The Shark Trust, in concert with its Shark League partners, appreciates the opportunity to offer a final consolidated statement regarding our top ICCAT priority: science-based limits for shortfin mako sharks.
We reiterate our deep disappointment over the lack of consensus on urgently needed mako protections. ICCAT scientists have warned about makos’ inherent vulnerability for more than a decade. This year marks four years since they firstrecommended, inter alia, a South Atlantic 2001t TAC and a North Atlantic retention ban. Repeated failure to heed this advice jeopardizes an exceptionally valuable and vulnerable shark species, exacerbating risk for population collapses that are irreparable in our lifetimes. To recap:
We oppose landing allowances for the depleted North Atlantic population because they:
▪ Run counter to SCRS advice for a non-retention policy “without exception”
▪ Create incentive for irresponsible fishing practices that cause stress and ensure mortality
▪ Further delay a multidecadal recovery.
The SCRS has been clear and comprehensive in advising a North Atlantic ban. This measure:
▪ Is based on TAC scenarios that incorporate all sources of mortality, including dead discards
▪ Is deemed the most effective way to achieve the substantial reductions necessary
▪ Takes into account the species’ relatively high post-release surviva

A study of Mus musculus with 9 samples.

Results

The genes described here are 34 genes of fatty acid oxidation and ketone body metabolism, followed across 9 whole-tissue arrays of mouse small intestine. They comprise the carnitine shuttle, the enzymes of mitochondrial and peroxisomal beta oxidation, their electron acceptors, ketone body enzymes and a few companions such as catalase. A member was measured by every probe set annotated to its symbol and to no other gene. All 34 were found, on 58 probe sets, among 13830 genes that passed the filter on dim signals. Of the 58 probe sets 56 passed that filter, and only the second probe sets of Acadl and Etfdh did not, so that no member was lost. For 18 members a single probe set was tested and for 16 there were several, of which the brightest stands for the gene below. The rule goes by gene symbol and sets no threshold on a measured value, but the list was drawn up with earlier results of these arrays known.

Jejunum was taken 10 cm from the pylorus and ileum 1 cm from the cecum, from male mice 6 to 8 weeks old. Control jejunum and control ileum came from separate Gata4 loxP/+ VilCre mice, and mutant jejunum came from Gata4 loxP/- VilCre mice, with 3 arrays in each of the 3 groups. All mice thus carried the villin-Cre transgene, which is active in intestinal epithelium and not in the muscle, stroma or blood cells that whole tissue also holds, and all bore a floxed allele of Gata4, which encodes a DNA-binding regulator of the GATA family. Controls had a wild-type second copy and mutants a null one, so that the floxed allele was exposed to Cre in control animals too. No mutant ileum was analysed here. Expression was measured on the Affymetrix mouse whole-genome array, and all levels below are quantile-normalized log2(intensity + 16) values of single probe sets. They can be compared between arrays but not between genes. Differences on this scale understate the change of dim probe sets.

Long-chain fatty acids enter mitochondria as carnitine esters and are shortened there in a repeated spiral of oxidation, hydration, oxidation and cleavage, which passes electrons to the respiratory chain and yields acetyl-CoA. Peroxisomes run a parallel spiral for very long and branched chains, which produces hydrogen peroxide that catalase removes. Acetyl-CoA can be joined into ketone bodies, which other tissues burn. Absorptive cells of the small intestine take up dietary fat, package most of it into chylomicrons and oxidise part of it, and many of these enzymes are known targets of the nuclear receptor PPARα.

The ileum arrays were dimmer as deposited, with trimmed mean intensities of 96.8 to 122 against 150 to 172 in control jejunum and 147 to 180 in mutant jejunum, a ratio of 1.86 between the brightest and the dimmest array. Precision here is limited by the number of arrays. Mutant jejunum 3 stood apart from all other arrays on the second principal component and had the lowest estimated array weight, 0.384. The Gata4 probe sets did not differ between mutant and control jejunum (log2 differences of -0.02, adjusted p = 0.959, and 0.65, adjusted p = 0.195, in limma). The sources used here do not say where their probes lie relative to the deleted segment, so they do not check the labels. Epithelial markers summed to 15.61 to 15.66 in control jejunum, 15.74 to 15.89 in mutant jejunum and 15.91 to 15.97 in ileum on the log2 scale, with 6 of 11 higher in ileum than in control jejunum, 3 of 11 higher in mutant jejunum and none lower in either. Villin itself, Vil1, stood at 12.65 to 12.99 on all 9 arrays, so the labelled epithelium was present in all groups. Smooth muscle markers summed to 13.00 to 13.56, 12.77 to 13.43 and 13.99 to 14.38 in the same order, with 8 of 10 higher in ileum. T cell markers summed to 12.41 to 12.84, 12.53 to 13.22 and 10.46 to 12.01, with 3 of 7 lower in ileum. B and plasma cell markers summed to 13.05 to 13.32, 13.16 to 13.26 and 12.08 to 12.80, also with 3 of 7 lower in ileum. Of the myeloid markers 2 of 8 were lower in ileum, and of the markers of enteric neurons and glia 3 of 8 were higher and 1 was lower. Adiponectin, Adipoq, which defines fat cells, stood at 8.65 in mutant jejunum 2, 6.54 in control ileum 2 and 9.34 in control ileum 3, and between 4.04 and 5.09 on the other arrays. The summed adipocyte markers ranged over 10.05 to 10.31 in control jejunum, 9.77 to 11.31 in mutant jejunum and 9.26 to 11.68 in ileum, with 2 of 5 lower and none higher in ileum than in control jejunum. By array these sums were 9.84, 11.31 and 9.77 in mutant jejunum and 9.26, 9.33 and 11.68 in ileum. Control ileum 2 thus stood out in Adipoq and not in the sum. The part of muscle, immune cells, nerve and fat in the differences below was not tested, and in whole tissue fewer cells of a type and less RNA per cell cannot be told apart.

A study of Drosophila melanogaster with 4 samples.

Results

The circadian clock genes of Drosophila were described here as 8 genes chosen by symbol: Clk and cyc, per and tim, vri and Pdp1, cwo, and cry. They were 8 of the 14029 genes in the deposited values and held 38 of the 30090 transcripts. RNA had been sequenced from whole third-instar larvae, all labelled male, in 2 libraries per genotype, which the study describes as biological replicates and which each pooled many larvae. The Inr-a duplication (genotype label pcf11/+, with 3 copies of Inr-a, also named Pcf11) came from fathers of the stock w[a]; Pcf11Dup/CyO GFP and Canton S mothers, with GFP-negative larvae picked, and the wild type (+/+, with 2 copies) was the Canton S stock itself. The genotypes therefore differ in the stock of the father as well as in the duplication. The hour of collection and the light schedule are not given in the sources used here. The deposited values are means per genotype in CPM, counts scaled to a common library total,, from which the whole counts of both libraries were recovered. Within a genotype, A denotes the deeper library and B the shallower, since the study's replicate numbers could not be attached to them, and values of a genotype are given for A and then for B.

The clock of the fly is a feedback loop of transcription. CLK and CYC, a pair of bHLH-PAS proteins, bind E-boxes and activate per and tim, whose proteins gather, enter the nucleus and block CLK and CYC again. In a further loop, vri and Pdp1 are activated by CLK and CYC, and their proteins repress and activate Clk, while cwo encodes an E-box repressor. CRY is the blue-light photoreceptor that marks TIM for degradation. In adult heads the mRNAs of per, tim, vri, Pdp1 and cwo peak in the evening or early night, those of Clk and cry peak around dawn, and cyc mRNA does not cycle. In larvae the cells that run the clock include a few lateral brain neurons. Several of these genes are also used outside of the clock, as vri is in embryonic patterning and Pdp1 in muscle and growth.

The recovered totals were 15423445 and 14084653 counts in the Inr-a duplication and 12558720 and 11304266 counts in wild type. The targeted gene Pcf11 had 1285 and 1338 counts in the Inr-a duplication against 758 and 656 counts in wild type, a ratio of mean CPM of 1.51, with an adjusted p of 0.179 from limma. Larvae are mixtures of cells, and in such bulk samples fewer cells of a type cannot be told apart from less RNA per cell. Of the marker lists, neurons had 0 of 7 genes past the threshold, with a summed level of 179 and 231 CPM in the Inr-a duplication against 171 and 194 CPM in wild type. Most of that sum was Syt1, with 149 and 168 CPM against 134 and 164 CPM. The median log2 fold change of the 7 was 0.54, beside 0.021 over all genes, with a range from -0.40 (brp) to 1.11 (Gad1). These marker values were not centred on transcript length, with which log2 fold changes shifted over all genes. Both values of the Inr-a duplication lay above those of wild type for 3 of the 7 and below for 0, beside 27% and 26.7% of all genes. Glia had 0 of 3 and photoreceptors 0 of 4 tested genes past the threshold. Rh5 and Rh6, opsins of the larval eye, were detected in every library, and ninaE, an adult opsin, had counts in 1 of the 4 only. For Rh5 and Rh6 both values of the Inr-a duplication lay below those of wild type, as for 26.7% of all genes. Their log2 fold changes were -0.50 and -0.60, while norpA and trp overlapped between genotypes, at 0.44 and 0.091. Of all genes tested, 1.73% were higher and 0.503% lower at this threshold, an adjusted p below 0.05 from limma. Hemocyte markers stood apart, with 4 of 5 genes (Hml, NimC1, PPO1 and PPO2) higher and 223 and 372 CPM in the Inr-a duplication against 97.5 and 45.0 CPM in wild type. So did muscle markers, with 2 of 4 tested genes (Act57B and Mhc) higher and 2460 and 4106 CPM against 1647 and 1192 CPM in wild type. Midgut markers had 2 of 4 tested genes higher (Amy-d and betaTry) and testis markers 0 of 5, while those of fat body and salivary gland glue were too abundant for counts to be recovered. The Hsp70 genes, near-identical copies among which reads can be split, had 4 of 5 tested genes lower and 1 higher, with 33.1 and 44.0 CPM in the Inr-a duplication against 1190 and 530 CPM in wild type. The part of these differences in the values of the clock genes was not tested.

Retention bans are not novel or overly burdensome. Such measures:
▪ Are vital to remove incentives to encounter and kill valuable, threatened species
▪ Were recommended for shark species of concern more than a decade ago
▪ Are the most common RFMO shark measure, mandated by ICCAT for many other species
▪ Have been implemented by several ICCAT Parties for many shark species
▪ Are less restrictive than closing fisheries.
More must be done. We support additional measures to minimize incidental mako mortality. Such actions are recommended to boost recovery but cannot replace the core elements of the SCRS advice.
Harmonization is increasingly warranted as Convention on International Trade in Endangered Species (CITES) obligations are implemented. We welcome North Atlantic mako bans by Canada, Portugal, and Spain, as well as opinions by EU and UK CITES expert panels that find against continued North Atlantic mako trade, including high seas landings. Ensuring complementary, science-based mako safeguards across fisheries and environment authorities at domestic and international levels is not only the best path for saving makos but can also set an overdue example for conservation of many other shark and ray species
Between now and July, unilateral actions and collective prioritization are needed to minimize further damage and enable an effective intersessional agreement. We urge Parties to:
▪ Implement domestic science-based mako measures
▪ Encourage other Parties to follow suit, and
▪ Prepare to propose, promote, and agree the mako measures advised by the SCRS.